For those of you who like to set goals, train hard to meet them, and repeat... It's easy to get swept up in training for this and that these days. There are so many great races locally and afar that you can race all year long and never get bored.
There is a downside, however; your performance will start to suck.
Well, maybe not right away, but keep it up for more than 2 years and I bet you're not getting any faster.
I have a buddy who fits this description perfectly and, despite 8 years of consistent training, he's no faster than he was in year 2. To his credit he's rarely injured and competes in everything from 5Ks to marathons to Ironman. You wanna race buddy? He's your man.
So how can someone who trains so much and races all the time not improve?
Simple. He never rests.
One thing I learned early on was that if you want to reach a high peak with your fitness, you need to dip into a low valley, too.
Talk to anyone who's just reached a fitness peak that took 6 months to build and you'll quickly learn they don't want to give it up. The mentality is, “I worked my ass off and I don't wanna lose it!”.
Well, guess what? You won't. Many of the adaptations you created will stick with you for a long time as long as you aren't on bed rest. Been training for 6 months or more? You'll be ok.
I see this irrational fear as a lack of confidence. And I get it, if you were sedentary at some point in your life it may feel scary taking time off. You may wonder if you'll be able to start up again. If that's you, just schedule walks and gentle yoga. If you're a chronic exerciser like me, though, you just have to have some faith.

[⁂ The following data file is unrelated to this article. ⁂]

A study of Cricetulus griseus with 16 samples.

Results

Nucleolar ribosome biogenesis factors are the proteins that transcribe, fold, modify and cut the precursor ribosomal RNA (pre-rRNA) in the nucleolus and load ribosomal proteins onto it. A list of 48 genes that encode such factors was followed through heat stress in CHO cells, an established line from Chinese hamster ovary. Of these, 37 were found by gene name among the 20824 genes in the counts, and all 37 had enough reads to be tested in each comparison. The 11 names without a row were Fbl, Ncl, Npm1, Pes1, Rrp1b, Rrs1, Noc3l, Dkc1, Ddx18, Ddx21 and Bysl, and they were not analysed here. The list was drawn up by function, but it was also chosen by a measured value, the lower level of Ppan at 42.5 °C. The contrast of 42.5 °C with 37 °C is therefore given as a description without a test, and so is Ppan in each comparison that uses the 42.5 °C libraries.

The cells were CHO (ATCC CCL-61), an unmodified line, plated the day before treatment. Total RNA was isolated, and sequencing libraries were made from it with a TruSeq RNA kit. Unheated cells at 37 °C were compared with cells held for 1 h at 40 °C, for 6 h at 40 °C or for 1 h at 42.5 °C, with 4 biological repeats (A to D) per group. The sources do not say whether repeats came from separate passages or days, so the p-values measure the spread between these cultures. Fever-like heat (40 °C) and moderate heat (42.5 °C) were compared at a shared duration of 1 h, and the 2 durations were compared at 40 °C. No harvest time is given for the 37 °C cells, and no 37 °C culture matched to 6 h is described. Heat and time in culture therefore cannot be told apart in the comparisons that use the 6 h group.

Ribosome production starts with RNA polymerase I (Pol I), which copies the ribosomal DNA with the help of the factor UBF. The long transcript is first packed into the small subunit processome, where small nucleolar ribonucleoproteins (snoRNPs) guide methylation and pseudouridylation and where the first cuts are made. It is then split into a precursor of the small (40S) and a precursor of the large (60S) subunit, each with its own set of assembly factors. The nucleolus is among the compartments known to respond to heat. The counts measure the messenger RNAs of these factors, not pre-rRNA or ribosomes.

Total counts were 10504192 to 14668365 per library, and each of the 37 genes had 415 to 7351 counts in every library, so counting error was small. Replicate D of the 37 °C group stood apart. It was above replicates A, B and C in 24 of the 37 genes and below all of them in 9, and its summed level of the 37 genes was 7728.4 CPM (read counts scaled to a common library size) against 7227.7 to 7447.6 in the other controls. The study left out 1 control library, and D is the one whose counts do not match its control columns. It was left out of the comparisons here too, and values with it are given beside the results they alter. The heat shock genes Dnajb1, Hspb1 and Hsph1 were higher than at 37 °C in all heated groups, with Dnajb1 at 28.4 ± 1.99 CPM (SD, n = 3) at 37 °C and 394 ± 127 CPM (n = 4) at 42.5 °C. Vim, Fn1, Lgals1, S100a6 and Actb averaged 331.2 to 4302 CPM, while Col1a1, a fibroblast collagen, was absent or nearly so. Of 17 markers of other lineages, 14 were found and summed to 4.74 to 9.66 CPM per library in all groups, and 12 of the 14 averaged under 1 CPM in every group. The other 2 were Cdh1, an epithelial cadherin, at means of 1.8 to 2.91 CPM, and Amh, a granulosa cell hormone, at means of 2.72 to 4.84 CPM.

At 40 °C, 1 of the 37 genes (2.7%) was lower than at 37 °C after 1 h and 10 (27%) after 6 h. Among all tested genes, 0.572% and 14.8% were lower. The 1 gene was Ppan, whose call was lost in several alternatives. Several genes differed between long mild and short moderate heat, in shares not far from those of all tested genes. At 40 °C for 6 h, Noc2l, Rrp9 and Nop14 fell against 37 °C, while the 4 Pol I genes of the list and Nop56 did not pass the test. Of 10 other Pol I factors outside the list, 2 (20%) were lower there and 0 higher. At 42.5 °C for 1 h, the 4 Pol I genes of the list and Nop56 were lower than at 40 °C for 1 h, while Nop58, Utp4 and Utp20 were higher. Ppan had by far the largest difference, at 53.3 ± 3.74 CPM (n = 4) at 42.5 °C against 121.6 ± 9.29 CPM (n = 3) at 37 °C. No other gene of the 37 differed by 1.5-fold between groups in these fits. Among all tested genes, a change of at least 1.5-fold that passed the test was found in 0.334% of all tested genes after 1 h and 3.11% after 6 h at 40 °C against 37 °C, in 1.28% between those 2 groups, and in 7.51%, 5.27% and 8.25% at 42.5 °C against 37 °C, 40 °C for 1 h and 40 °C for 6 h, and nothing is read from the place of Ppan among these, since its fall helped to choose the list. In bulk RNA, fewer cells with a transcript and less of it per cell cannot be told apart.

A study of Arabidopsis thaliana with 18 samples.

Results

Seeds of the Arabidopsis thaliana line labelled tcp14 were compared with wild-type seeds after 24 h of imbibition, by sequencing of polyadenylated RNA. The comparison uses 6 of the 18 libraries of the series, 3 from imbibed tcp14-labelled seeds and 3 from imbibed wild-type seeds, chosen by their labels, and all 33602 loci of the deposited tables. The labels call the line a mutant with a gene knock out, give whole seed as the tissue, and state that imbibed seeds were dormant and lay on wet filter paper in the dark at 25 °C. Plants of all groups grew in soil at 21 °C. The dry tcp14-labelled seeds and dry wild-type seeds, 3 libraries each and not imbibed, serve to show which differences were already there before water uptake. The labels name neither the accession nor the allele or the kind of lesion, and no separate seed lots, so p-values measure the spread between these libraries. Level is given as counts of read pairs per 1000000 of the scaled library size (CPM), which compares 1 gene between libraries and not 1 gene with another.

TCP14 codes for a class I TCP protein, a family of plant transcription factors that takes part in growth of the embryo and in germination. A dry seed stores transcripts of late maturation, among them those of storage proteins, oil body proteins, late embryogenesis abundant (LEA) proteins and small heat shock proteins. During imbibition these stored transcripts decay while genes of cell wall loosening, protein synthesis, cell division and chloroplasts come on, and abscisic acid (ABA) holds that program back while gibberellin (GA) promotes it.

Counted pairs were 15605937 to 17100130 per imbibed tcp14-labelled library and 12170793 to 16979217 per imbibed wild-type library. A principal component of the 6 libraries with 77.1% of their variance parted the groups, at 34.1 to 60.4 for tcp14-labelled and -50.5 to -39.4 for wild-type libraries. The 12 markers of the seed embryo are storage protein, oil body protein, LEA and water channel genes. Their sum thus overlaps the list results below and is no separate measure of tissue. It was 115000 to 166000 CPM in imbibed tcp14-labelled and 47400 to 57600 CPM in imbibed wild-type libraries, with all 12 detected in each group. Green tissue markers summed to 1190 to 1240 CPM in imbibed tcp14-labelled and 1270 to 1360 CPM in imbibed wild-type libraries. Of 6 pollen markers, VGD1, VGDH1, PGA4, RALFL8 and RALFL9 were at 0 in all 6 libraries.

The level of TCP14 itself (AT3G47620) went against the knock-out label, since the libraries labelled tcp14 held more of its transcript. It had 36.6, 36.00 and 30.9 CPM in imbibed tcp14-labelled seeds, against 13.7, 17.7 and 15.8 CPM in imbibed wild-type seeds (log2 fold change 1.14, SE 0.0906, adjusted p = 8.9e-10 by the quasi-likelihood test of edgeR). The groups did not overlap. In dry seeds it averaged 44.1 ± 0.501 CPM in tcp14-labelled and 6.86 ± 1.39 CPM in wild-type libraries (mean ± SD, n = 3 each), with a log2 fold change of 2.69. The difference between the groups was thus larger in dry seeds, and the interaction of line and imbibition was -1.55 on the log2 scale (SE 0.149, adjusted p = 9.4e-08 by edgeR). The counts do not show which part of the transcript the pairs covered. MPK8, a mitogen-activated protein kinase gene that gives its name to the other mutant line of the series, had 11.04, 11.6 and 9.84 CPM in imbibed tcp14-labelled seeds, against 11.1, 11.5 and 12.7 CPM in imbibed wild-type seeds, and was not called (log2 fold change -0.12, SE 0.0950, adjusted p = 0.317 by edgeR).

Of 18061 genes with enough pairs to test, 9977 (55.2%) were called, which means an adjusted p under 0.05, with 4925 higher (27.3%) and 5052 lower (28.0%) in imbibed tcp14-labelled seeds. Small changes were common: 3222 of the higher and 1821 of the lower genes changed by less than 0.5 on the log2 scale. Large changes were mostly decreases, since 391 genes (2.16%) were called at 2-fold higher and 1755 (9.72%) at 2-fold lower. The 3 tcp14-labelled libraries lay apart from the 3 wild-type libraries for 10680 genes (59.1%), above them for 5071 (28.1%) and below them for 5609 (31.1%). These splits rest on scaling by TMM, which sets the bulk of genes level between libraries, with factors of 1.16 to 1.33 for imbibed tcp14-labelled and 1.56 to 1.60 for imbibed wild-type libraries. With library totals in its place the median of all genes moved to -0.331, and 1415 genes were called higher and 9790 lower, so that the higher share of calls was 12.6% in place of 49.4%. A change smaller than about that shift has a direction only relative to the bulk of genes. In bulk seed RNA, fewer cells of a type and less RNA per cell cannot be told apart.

Stress and recovery not only works minute-to-minute like during an interval session, but also day-to-day, week-to-week, month-to-month, and even year-to-year.
Let me explain it this way.
Each week you may have 2 or 3 hard sessions while taking 3-4 days to recover from those sessions. You may be active during those recovery sessions or you may just rest depending on who you are.
(And we know that it makes no sense to train hard everyday for weeks on end. You'd end up injured, overtrained and lose motivation.)
Well let's zoom out a bit and look at a whole year of training. Would it make sense to train equally hard every week? Every month? Of course not. You'd take some recovery days and recovery weeks and appreciate every minute of them.
By dedicating 2 weeks of rest or active rest after an extended period of relatively hard training, you'll allow your body to repair and restore. Little nagging aches will heal. You'll feel incredibly refreshed and ready to tackle your next goal.
If Bernard Lagat, one of America's best distance runners, can take a month(!) off and still be one of the top 3-4 runners in the world year after year (he's 37), then I think you can handle a couple of weeks.
I realize that unfortunately sometimes we are forced to take an unplanned break due to illness, injury, travel, or work. While I hope that doesn't happen to you, perhaps your best bet is to take it in stride and think about all of that healing that is taking place rather than the fitness that you *think* you're losing. I know, easier said than done!
So tell me, have you taken a planned break from training before? How'd it go?